Is the ACL the FFA’s Achilles heel?
Roar expert Mike Tuckerman wrote in his article for the FFA: “the build up to the game (between Brisbane Roar and FC Tokyo) is intriguing and as the game draws near, hopefully it’s one Hyundai A-League fans begin to appreciate”.
Notwithstanding Mike’s enthusiastic analysis, the current lack of promotion of the tournament may have average A-League fans wondering: what is the ACL? Isn’t it something that holds your knee together?
The Asian Champions League is exactly what it sounds like, a tournament involving the champion clubs from, to quote Lyall Gorman of the FFA, ‘FIFA’s most populous conferation’ that being Asia.
The A-League has three clubs competing this year, Brisbane Roar, the Central Coast Mariners and Adelaide United, with three games per club at their home grounds against some of Asia’s finest.
The FFA’s head of the A–League, Lyall Gorman wrote in a recent article responding to criticism of the scheduling of ACL games ‘we should rejoice that we are part of a club competition that encompasses half the worlds population and the fastest growing region on the planet.’
Lyall also wrote ‘Isolated in Oceania, Australian clubs craved the international exposure and higher competition of FIFA’s most populous confederation. Spin the clock forward to 2007 and the dream turned to reality.’
But less than six weeks before kick-off, is the FFA letting the dream turn into a nightmare?
Recent phone calls to Ticketek enquiring about ticket availability yielded the unexpected response: “The Asian what? Sorry, don’t have a listing for it.”
A call to the FFA: “Yeah mate, it’s the club’s responsibility to promote the games, you should talk to club management about tickets and promotion of the matches.”
A few more calls determined that tickets are on sale from 20th of February – a mere 15 days before the Roar play FC Tokyo at Suncorp Stadium on March 6 – the first match of the Championship to be played on Australian soil.
A quick look at the FFA, Roar and Ticketek web pages shows absolutely no promotion of the Asian Championship League games, or obvious information about ticket availability or prices.
Contrast this with the fact that through Ticketek right now, I can get myself a ticket to the Queensland Reds first home match of the season on 3 March 2012, or even a ticket to the 2012 State of Origin game at Suncorp Stadium on the 4th of July.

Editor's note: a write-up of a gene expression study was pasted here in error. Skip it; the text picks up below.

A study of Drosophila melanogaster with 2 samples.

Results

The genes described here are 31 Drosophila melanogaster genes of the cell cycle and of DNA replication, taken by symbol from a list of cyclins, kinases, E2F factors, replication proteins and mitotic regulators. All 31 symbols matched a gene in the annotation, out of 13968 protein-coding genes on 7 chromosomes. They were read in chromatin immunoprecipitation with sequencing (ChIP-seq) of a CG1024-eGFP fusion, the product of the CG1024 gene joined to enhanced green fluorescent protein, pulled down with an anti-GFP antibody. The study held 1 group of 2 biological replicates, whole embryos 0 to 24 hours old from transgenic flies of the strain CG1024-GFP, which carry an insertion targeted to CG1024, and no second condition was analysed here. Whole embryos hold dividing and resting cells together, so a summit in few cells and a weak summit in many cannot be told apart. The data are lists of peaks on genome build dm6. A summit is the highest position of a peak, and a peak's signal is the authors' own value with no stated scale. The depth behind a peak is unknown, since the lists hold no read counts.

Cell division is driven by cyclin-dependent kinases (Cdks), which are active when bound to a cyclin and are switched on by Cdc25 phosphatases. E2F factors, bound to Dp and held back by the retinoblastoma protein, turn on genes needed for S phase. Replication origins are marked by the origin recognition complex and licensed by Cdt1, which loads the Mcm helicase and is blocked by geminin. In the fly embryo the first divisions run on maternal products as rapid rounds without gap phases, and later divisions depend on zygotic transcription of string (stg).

For all of Lyall Gorman and others waxing lyrical about the A-league teams participating in the ACL – is the FFA really maximising it’s opportunities from the ACL to promote football in the community? I don’t think so.
The We Are Football campaign was accompanied by excellent TV and other media promotion at the start of the year. As a football community we are unique, and one of the unique things about playing football in Australia compared to other codes is that we share a massive global participation in the sport.
Therefore when opportunities arise to showcase our talents in events such as the Asian Champions League, the FFA must lead the charge of the Australian football community and pull out all stops to promote and support such events.
The Australian football community expect the FFA to not only support the A-League clubs in their participation in the ACL through planning game schedules, but to be front and centre, coordinating and commanding the promotion of the ACL matches played in Australia.
The A-League has enjoyed excellent media coverage this season and I believe the promotion of football in the media has increased as a result. The first ACL match in Australia kicks off in less than 6 weeks time and presents the start of an excellent opportunity to promote and celebrate the success of the A-League.
However, the current absence of promotion, media and ticket availability is not good enough. The football community and the clubs involved in the tournament (both Australian and international) deserve much better. The FFA executive must stand up and get cracking to maximise this opportunity for Australian football.